When Reconciliation is Impossible
I once facilitated a group for people recovering from severe mental illnesses. We met once a week, and they talked about how things were going for them. They tried to support each other. One day a member of the group came in and said his landlord was going to evict him if he failed to clean his apartment. Landlords can do that if the apartment is really bad. We knew that just talking about it and offering moral support was not going to help him much, so, the next week, we all went to his place to help him clean. In the end, he got to keep his apartment, and I got a story about letting go.
As soon as we walked in, we could see that the landlord was right to threaten eviction and we were right to help him. It was too much to overlook and too much for one man to clean. He was a major hoarder. I can’t even begin to describe everything we saw, but what really got me was the pile of apple cores by his chair. This guy must’ve really liked apples and every time he ate one he would throw the core on the floor and never pick it up. The pile was, and I’m not exaggerating, as high as the arm of the chair. There were worms and flies and mold, and it stunk in a way you would never expect a pile of apples to smell.
We got right to work, and, in a few hours, we had straightened and cleaned things to the point where he would not become homeless. As we cleared out the junk, and the apple cores, we discovered that, despite his hoarding, something important was missing. He didn’t have a garbage can.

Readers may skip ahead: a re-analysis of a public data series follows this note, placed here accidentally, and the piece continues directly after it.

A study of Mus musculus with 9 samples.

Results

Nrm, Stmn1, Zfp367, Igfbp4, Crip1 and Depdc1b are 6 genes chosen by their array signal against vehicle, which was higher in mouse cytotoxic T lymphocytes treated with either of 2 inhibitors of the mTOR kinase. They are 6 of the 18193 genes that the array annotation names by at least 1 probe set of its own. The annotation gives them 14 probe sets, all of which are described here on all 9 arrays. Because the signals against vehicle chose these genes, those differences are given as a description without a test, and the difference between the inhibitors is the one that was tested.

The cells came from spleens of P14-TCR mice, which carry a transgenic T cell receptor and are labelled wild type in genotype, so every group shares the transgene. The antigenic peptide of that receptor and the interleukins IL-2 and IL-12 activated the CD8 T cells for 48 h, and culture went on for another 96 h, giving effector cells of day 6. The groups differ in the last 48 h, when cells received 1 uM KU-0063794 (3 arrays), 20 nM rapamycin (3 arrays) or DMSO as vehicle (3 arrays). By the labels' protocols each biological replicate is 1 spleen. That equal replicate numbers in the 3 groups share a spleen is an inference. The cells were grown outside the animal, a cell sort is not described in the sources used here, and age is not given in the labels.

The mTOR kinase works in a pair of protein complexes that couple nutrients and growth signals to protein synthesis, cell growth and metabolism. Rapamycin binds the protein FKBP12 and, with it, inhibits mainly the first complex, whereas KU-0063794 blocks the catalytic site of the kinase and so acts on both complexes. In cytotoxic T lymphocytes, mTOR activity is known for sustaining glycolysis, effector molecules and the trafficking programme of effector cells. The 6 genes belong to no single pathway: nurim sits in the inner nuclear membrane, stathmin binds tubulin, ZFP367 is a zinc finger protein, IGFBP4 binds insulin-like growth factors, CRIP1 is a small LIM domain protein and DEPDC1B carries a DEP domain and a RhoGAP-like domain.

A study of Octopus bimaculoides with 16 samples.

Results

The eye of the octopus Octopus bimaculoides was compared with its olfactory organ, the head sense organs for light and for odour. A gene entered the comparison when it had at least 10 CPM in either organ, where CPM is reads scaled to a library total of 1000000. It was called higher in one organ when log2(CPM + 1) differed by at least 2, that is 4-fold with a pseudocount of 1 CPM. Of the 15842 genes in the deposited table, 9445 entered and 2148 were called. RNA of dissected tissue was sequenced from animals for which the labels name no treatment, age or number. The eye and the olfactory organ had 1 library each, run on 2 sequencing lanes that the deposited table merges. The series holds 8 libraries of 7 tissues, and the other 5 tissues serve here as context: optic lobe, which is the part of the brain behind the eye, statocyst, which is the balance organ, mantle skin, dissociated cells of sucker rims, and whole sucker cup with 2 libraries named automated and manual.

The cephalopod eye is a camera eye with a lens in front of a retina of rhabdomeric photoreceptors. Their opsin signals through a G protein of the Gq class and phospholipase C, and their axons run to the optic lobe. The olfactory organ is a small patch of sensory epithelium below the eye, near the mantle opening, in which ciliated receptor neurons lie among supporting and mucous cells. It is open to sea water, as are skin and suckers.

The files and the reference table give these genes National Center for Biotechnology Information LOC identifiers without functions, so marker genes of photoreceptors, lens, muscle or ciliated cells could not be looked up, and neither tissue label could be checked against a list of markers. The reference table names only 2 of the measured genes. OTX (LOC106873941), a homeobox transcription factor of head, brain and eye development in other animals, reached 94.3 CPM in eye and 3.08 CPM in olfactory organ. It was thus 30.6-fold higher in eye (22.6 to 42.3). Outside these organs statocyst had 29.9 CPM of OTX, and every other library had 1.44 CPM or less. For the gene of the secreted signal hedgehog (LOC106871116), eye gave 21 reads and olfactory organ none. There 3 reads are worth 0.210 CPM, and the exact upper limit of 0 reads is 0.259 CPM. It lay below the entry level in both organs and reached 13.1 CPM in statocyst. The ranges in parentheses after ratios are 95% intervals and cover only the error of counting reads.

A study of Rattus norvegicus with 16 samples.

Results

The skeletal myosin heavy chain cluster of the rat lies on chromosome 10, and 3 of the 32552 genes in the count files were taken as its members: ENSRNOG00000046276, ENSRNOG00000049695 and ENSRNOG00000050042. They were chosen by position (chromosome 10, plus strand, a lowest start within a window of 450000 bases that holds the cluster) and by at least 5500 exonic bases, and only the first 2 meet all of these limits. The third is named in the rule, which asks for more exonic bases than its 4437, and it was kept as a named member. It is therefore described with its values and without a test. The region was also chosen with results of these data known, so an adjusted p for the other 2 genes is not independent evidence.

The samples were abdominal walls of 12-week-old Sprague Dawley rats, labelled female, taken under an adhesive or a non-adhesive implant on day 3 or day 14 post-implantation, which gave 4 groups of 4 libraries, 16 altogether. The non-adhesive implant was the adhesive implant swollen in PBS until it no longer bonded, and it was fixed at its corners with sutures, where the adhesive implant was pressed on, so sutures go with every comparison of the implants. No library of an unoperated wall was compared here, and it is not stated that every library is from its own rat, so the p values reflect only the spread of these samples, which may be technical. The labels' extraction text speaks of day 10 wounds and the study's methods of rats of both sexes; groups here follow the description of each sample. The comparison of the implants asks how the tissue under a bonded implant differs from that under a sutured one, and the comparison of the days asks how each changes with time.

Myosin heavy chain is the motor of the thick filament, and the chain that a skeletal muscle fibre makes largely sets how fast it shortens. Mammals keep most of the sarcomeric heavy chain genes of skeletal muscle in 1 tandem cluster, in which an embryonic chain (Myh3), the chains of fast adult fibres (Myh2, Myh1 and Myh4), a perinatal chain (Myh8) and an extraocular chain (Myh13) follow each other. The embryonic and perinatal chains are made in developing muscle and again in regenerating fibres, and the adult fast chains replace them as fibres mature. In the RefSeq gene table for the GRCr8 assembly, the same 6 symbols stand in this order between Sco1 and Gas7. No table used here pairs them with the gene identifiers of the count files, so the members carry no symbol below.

There was one more thing we knew we had to do before we were done helping this man. It was not enough just to help him clean. We knew we had to get him some garbage cans; three, in fact; one for every room in his apartment. I thought I was wise to put one by the chair where he dropped the apples.
A year later, I was still facilitating the same group, and we had many of the same members in it. In some ways they all had made progress, I thought, until the day the same man came in and said he was at risk of being evicted again.
“My landlord says my place is a mess. It’s a health hazard,” he said.
“But we cleaned your place. Have you been using the garbage cans?”